This week, the school bell tolled. Not to worry, kids. It’s not time for students to head back to the classroom just yet.
But hundreds of teachers assembled at Indiana University-Bloomington to take in lectures, hit the books and do some hands-on training as part of the inaugural Pathfinders Summer Institute, a week-long intensive education and training camp for K-12 teachers who want to learn more about computer science instruction.
In all, 575 teachers from 45 states attended the event, which is hosted by Infosys Foundation USA, the Palo Alto, California-based philanthropic arm of Infosys, an India-based information technology services company.
Infosys this year opened a sizable office at the One America building in downtown Indianapolis and is planning a bigger campus at the former Indianapolis International Airport terminal site. Company officials said Indiana was the perfect location to launch the summer institute.
“This is a unique event. There’s no other like it,” Lauren Hasenhuttl, communications director for Infosys Foundation USA, told IBJ. “This program is unique in breadth and scale, covering 19 curriculums for K-12. Through this, we are empowering these kids not only to be consumers of technology but to be creators of technology.”
Registration for the program was nearly $2,000 per person, but there were a bevy of programs from Infosys and its partners to subsidize the teachers’ tuition, as well as transportation, room and board and meals. While Infosys Foundation officials declined to reveal the budget for the Pathfinder Summer Institute, multiplying the number of teachers by the tuition puts the total at more than $1 million.
“It’s a significant investment for a foundation of our size,” Hasenhuttl said.
So why is Infosys and its philanthropic arm interested in such an expensive endeavor?
“This fits our mission,” Hasenhuttl explained. “Our mission is to bridge the digital divide, and as part of that, we want to do what we can to assure students have access to high-quality computer science education.
“This is important because no one is investing in helping teachers teach computer science,” she added. “If we’re not teaching these K-12 students computer skills, what are they going to do when they graduate? These are skills that can be applied across a wide range of industries.”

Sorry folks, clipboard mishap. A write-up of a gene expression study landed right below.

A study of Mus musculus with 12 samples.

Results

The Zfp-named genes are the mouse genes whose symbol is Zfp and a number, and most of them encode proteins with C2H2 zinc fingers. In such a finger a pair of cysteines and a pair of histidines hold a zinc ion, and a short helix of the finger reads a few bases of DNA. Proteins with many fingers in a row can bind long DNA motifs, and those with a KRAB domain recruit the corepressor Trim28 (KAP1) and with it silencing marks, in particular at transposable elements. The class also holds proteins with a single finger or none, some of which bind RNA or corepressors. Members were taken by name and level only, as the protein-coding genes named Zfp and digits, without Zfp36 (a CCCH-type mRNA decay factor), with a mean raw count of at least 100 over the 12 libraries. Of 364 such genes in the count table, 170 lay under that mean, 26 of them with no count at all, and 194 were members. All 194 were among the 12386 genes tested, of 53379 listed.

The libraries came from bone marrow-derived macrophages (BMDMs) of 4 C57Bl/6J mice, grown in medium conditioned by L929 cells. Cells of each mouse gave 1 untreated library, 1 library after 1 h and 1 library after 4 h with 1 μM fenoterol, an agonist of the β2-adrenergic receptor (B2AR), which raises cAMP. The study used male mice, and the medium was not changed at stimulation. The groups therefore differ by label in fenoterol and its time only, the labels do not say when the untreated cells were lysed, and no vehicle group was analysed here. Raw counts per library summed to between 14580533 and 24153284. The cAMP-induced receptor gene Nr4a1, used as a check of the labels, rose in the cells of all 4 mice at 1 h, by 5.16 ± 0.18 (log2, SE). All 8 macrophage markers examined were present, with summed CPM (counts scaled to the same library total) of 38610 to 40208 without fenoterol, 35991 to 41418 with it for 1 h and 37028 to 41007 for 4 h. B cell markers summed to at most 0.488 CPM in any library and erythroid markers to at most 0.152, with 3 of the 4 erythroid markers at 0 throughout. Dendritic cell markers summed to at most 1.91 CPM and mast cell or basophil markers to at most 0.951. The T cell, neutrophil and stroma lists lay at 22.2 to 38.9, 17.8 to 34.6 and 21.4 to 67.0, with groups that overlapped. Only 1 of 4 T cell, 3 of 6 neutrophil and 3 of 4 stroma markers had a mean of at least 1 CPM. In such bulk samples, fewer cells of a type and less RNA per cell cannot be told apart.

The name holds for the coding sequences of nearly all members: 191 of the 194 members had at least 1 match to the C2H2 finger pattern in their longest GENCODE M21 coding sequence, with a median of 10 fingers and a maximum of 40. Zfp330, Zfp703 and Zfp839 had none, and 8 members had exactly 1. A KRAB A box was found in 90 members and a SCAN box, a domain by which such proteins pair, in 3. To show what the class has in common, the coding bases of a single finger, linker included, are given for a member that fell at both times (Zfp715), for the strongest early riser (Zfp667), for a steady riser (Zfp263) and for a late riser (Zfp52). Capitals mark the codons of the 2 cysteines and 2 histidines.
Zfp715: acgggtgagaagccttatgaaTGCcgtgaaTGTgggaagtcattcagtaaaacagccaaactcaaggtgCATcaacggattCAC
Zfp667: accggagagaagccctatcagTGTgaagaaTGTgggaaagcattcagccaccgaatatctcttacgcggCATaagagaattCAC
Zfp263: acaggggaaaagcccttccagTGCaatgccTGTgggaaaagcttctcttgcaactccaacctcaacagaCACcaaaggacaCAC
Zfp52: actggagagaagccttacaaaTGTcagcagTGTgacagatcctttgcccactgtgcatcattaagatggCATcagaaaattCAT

Many of the teachers in attendance at the Pathfinders Summer Institute teach at schools in rural communities and/or lower income areas.
The summer institute is timely for Indiana. In March, state lawmakers passed legislation requiring every public school, including charter schools, to embed computer science training in the curriculum provided to students in kindergarten through 12th grade, beginning in the 2021-22 school year.
So it’s not surprising that Gov. Eric Holcomb, along with Laurie McRobbie, the wife of IU President Michael McRobbie, helped kick off the event on Monday (although it actually began on Sunday). The conference runs through today.
“It was very exciting for these teachers to hear from a governor that is so supportive of computer science education,” Hasenhuttl said.
Part of the Pathfinder Summer Institute is “maker education,” Hasenhuttl said. That part of the curriculum, she explained, helps teachers better teach students how to use computational skills and creativity “to make and create things.”
Hasenhuttl said Indiana was chosen as a location for the event due to the state’s support since Infosys opened a hub here earlier this year.
In addition, Hasenhuttl said, "Indiana is centrally located and Indiana University has been very supportive and they have an absolutely beautiful campus."
The state also helped pay to send 124 Indiana teachers to the week-long event.
“Indiana teachers enrolled in the Code.org professional development courses offered by Nextech are attending Pathfinders Summer Institute at no cost. This was made possible through the support of Infosys Foundation USA, Nextech and the state of Indiana,” Hasenhuttl said.
In addition to the Infosys Foundation, Nextech, the National Science Foundation, Computer Science Teachers Association and Code.org supported the event and helped cover out-of-state teachers’ tuition costs.
Infosys Foundation officials considered having the even at IUPUI, but Hasenhuttl said there wasn’t enough space available at the Indianapolis campus.
This is no junket. The training is intensive and the accommodations, while comfortable, are what most people would call basic. The teachers are staying in IU dorms and eating at dorm cafeterias.
Infosys Foundation officials haven’t finalized plans for next year, Hasenhuttl said, but added that it’s possible the conference could return to IU.
“Once this year’s event is over, we’ll assess and evaluate it,” Hasenhuttl said. “I can tell you, the response from the teachers here has been tremendous. The hashtag InfyPathfinders has had a ton of activity this week.
“The teachers at this event are very excited to be here and enthusiastic to take what they’ve learned back to the classroom,” Hasenhuttl added. “We hope to have an even bigger event next year with more teachers.”